John Smith Defense
Exploration of a whole atmosphere lidar concept for whole atmosphere science: Advances in resonance Doppler lidar technologies
Candidate: John A. Smith
Adviser: Prof. Xinzhao Chu
Although resonance Doppler lidars have made substantial contributions to our understanding of the mesosphere and lower thermosphere (MLT), today's whole atmosphere models demand a more complete picture which will require mobile instruments with superior resolution and coverage (0-200+ km). Higher resolution is needed to capture smaller scale impacts on transport of energy and momentum in the MLT and greater coverage to understand the ways in which disturbances originating in the lower atmospheres can govern both large and small scale dynamics in the MLT and higher into the thermosphere. A whole atmosphere lidar is needed. Efforts to extend the coverage of wind and temperature in the lower atmosphere with resonance lidars have so far been of limited scientific use since a large gap in coverage still exists where scattering by the Cabannes-Mie/Rayleigh process is too weak and unbound meteoric metals do not extend low enough. Many direct detection techniques suffer from measurement contamination from aerosols also and a measurement sensitivity which can vary depending on the temperature and pressure of the scattering volume, making measurements unreliable. We have a two-pronged approach to address the need for a whole atmosphere instrument in the community.
First, by improving receiver efficiencies of resonance lidars we can reduce photon noise and resolve smaller scale features at higher temporal resolutions. A critical gap in temperatures derived by the Rayleigh lidar technique can be filled by increasing the available signal between where the Rayleigh signal diminishes and where the scattering from resonant species such as Fe picks up in the MLT region. Higher signal levels will also lower the detection threshold for tenuous layers of metal in the thermosphere and enable studies of thermospheric Fe and Na up to 200 km with far better detail. We show how optical design methods and certain alignment considerations were used to improve the sensitivity of existing resonance-fluorescence lidars by several factors. Cases of the implementation of this technique at Boulder, Colorado and Cerro Pachón, Chile show that our procedures in the design and alignment of resonance receivers has improved signal levels by as much as a factor of five - sufficient to directly resolve seasonal vertical eddy flux in the MLT region for the first time and detect extremely tenuous layers of Na in the thermosphere above Cerro Pachón which were previously unstudied.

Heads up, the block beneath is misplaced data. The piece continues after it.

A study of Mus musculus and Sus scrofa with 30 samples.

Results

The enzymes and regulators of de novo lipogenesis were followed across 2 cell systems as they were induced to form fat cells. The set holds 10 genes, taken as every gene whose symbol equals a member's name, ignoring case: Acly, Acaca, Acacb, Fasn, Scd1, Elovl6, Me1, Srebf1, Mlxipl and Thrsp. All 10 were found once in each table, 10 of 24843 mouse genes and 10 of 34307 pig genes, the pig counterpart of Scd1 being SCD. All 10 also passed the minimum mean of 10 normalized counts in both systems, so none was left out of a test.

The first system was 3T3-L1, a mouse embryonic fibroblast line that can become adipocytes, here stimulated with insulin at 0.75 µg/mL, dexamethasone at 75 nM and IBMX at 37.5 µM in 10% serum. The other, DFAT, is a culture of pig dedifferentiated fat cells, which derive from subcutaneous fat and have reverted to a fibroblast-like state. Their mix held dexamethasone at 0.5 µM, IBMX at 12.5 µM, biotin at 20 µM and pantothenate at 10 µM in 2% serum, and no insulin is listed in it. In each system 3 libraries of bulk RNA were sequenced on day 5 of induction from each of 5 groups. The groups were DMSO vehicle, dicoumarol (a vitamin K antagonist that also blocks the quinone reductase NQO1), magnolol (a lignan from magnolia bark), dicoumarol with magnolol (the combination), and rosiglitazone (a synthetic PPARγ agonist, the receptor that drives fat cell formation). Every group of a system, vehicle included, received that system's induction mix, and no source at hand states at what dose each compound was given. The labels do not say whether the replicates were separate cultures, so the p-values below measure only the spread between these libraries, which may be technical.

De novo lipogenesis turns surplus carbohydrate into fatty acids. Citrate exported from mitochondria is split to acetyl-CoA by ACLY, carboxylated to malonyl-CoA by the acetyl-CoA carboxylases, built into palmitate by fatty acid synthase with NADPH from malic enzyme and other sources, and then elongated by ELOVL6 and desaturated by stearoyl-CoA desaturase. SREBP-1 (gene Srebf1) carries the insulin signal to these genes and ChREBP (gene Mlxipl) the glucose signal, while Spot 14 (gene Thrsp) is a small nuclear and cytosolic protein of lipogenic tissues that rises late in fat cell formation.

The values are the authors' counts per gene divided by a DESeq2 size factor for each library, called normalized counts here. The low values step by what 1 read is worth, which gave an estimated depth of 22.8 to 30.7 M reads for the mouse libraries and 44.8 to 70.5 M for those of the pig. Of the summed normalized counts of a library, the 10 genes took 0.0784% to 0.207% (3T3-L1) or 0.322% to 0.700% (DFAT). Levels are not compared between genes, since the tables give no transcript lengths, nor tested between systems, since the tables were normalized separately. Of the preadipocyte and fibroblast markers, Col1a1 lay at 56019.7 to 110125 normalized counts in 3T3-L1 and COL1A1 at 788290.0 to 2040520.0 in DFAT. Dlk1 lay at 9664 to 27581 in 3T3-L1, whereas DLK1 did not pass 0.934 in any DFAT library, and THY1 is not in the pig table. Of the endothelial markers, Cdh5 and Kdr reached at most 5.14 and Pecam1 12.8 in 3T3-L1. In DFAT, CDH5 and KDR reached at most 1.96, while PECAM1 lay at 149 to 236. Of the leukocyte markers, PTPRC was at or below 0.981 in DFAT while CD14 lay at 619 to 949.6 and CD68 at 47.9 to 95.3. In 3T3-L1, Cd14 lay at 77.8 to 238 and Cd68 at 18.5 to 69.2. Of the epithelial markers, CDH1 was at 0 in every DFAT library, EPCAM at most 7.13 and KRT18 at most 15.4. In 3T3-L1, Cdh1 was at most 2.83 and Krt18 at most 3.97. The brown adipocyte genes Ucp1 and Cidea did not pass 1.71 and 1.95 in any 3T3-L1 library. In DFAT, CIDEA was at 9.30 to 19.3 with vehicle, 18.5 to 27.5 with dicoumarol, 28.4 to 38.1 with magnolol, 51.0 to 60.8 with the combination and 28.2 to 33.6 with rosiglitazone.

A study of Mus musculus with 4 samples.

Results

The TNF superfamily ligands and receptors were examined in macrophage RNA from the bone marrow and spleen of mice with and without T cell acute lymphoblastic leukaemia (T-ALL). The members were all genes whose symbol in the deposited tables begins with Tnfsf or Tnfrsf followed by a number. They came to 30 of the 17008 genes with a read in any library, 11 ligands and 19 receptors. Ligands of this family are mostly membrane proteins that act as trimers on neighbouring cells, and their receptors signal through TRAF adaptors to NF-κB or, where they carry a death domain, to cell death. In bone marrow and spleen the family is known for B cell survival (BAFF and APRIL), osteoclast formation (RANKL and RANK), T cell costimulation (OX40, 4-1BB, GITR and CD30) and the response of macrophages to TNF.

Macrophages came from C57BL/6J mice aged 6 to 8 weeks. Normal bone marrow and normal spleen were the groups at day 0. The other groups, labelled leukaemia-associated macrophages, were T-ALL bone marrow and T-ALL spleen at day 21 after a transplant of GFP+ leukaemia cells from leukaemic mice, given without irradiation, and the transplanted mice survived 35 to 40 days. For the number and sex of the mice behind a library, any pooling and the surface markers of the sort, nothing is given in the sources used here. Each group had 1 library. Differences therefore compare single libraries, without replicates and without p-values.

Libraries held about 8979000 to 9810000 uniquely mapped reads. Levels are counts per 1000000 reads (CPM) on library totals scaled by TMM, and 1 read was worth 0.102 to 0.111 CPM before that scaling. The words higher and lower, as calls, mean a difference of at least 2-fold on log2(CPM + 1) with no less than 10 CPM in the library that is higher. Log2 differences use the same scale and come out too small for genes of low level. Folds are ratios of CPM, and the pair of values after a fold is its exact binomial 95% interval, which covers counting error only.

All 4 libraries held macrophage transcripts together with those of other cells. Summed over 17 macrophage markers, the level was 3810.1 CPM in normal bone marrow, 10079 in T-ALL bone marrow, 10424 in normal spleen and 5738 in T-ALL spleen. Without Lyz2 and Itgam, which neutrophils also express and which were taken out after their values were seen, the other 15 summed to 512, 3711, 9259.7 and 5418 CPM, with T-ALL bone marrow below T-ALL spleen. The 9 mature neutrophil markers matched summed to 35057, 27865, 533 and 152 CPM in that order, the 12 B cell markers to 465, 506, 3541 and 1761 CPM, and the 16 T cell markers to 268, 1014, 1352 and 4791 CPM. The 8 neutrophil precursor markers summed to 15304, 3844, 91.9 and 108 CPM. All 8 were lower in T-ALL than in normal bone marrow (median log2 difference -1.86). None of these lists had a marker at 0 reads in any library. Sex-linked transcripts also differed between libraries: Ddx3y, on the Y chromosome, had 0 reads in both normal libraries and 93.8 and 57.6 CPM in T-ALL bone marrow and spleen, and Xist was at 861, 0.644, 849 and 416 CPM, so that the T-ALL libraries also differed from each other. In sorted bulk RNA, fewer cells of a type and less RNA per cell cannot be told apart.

Second, a novel receiver design concept using a field-widened Mach-Zehnder interferometer (MZI) is investigated which will enable a resonance lidar to conduct wind measurement below the MLT region. The MZI has emerged as a promising direct detection wind technique since it avoids the problem of contamination from aerosols and has been shown to have the best theoretical performance among molecular direct detection techniques. When used in the receiver of an Fe-Doppler lidar system, we show that a particular ratio formulated from the signals in each channel and frequency can be made nearly as sensitive to a unit Doppler shift as the most sensitive implementations of the MZI, yet is also insensitive to aerosol backscatter ratio and temperature and pressure of the scatter volume. Summation of the two channels results in a signal which is independent of the intermediate MZI and can therefore be used harmoniously with the existing resonance Doppler 3-frequency technique, thereby enabling routine coverage of wind from the near surface to more than 115 km with a single lidar. The implications for such measurements are an improved understanding of, for example, gravity wave spectra propagation, Brewer-Dobson circulation and the 'cold pole' problem and the tracing of inertia gravity waves to their source regions.